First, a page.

Sinhalese resettlement irks Tamils
| Date: 20000621
TRINCOMALLEE: Sociologists call it demographic racial equalisation; the Tamils refer to it as `state aided systemised colonisation.' The process of settling Sinhalese families in large, vacant tracts of land in the eastern provinces, which began soon after Sri Lanka obtained Independence, has changed the demographic nature of what were thought to be Tamil strongholds.
In Trincomalle, figures supplied by the divisional secretariat are a pointer: According to the 1991 census, sixty four per cent of the 265 000-strong population belong to the Sinhalese and Muslim communities, while less than a third are Tamils. Four decades back, Tamils constituted nearly 70 per cent of the population.
"The policy of successive Sinhalese governments was to make the minorities, minorities in their own area. Trincomallee was one such constit ency which had a Tamil MP, but now with the proportional district representat on system, there are two Sinhalese MPs from this area, one Muslim and one Tamil," P Abraham, organiser for the local wing of EPDP.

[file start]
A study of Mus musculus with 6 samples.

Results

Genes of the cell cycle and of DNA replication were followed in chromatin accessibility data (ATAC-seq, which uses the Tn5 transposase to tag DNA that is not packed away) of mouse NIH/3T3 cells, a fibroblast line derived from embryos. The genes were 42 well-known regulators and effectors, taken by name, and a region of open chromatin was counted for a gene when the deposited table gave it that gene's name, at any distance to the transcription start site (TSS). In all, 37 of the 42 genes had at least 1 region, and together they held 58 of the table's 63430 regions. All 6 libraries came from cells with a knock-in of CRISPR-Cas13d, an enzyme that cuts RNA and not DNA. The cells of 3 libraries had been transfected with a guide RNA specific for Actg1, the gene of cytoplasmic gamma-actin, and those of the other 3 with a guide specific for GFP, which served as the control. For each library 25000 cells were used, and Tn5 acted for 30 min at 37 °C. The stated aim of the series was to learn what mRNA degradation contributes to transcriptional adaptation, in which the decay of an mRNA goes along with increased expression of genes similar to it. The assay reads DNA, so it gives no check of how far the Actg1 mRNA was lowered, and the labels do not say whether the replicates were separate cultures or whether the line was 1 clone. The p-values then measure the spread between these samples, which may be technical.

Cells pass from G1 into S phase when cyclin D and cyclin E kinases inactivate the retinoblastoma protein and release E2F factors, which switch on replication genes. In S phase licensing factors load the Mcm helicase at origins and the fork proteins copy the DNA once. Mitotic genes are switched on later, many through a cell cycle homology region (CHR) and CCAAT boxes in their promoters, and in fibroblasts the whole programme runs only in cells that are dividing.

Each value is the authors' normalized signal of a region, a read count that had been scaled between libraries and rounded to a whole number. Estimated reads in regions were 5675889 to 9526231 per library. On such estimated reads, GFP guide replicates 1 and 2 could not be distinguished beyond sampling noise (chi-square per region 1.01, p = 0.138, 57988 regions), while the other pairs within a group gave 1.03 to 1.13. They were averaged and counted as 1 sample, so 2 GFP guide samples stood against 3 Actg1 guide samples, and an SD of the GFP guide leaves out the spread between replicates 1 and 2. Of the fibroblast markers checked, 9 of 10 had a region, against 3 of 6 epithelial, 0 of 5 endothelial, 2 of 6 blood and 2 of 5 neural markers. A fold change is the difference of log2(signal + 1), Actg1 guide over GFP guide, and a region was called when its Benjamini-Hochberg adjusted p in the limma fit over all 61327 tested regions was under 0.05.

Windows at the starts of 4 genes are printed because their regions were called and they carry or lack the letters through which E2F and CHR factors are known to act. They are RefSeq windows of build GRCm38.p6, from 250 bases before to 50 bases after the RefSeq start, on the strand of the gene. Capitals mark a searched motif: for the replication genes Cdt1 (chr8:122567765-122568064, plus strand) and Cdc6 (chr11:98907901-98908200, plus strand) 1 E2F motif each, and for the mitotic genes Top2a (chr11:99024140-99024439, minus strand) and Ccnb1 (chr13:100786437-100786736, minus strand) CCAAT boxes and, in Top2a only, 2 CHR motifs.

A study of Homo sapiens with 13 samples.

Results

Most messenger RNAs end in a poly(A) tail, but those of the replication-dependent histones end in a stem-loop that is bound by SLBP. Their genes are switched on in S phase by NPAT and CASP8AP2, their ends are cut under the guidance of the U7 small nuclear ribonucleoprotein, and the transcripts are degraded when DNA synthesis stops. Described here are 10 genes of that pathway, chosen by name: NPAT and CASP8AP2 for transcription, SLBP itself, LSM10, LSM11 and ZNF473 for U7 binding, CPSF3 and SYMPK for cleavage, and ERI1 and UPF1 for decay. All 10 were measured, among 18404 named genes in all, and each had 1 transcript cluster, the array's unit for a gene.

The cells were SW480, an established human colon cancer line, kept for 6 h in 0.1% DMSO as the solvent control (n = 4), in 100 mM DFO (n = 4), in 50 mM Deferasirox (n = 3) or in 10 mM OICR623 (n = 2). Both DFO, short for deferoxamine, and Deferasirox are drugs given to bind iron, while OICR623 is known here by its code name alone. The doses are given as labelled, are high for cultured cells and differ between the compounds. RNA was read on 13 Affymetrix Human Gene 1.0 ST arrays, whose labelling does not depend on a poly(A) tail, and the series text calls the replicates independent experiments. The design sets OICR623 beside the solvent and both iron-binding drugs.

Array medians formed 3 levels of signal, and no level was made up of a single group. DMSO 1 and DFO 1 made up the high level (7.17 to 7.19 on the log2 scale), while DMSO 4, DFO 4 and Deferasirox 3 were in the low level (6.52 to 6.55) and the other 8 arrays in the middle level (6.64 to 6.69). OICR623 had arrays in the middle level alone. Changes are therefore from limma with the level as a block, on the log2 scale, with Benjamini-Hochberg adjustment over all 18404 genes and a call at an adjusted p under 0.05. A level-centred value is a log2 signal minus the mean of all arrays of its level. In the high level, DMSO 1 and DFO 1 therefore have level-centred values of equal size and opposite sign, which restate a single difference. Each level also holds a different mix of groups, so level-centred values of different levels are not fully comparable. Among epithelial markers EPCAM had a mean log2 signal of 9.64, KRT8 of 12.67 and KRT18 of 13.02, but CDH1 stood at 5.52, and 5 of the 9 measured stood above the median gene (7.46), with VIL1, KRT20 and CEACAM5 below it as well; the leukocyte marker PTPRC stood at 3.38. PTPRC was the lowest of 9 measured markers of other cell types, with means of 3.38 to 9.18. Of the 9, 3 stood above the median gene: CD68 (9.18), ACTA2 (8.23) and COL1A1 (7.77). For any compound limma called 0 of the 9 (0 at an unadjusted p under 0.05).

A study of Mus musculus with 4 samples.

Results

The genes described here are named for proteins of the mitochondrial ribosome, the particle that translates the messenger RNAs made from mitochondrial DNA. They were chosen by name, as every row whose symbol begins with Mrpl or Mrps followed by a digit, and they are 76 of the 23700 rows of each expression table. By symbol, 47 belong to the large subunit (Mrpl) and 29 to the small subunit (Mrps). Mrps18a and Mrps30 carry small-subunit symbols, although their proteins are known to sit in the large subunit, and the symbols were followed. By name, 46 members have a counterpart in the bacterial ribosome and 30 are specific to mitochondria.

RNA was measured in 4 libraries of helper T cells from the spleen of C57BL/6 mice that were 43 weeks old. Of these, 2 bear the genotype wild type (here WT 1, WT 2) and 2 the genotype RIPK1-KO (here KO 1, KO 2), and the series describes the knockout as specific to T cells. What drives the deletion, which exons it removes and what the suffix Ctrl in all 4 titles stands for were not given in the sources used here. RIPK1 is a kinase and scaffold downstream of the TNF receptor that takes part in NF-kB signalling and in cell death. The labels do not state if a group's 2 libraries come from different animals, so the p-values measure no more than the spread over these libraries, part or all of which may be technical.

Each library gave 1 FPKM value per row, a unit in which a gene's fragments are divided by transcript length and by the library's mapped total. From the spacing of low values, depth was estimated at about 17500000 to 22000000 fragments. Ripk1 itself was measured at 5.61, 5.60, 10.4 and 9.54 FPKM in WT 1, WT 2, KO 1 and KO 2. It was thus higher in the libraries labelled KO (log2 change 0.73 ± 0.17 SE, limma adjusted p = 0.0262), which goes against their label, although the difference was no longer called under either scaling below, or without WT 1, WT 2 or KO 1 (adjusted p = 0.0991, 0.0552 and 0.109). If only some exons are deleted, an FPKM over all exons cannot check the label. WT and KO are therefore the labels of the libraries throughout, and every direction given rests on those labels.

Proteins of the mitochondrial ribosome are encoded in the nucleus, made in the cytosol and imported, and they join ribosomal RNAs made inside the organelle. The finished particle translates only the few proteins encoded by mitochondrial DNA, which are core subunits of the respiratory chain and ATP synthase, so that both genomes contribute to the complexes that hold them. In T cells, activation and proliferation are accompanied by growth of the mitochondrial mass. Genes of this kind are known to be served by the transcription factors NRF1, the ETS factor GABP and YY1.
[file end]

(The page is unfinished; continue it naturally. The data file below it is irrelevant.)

Officials in the secretariat reveal that in 1965 the government brought into effect the `Kantellai Scheme' - a water irrigation scheme which brought an additional 13,000 acres of land under cultivation. In the additional land which became cultivable, only five per cent was distributed among Tamils while 95 per cent went to the Sinhalese community.
What has become an additional bone of contention between the two communities in these parts is what is perceived as state intervention in resettling the Sinhalese community in the eastern province. "After all when Tamils migrate to the south and form strongholds, it's a natural process, they are not given crown land," argues Andrew Pubalasingham, a resident.
The stories of hutment-dwellers who till large tracts of land, west of Trincomallee, are telling. B G Jayatillake, a resident of Kandy was given a small patch of land by the government in 1959 and he has been living here since.
What was once a barren, desolate landscape is now dotted with concrete houses and swaying paddy fields, and in a few decades, a village called Gamonopura came into being. En route to the Kantellai area, Gamonopura the village houses 150 families in a three square mile area.
But not one of these families are Tamil. The examples are endless. When contacted, officials from the ministry of land or the ministry of e hnic affairs and national integration offer no answer. For the already irked Tamil population in these parts, this becomes yet another cause for discrimination.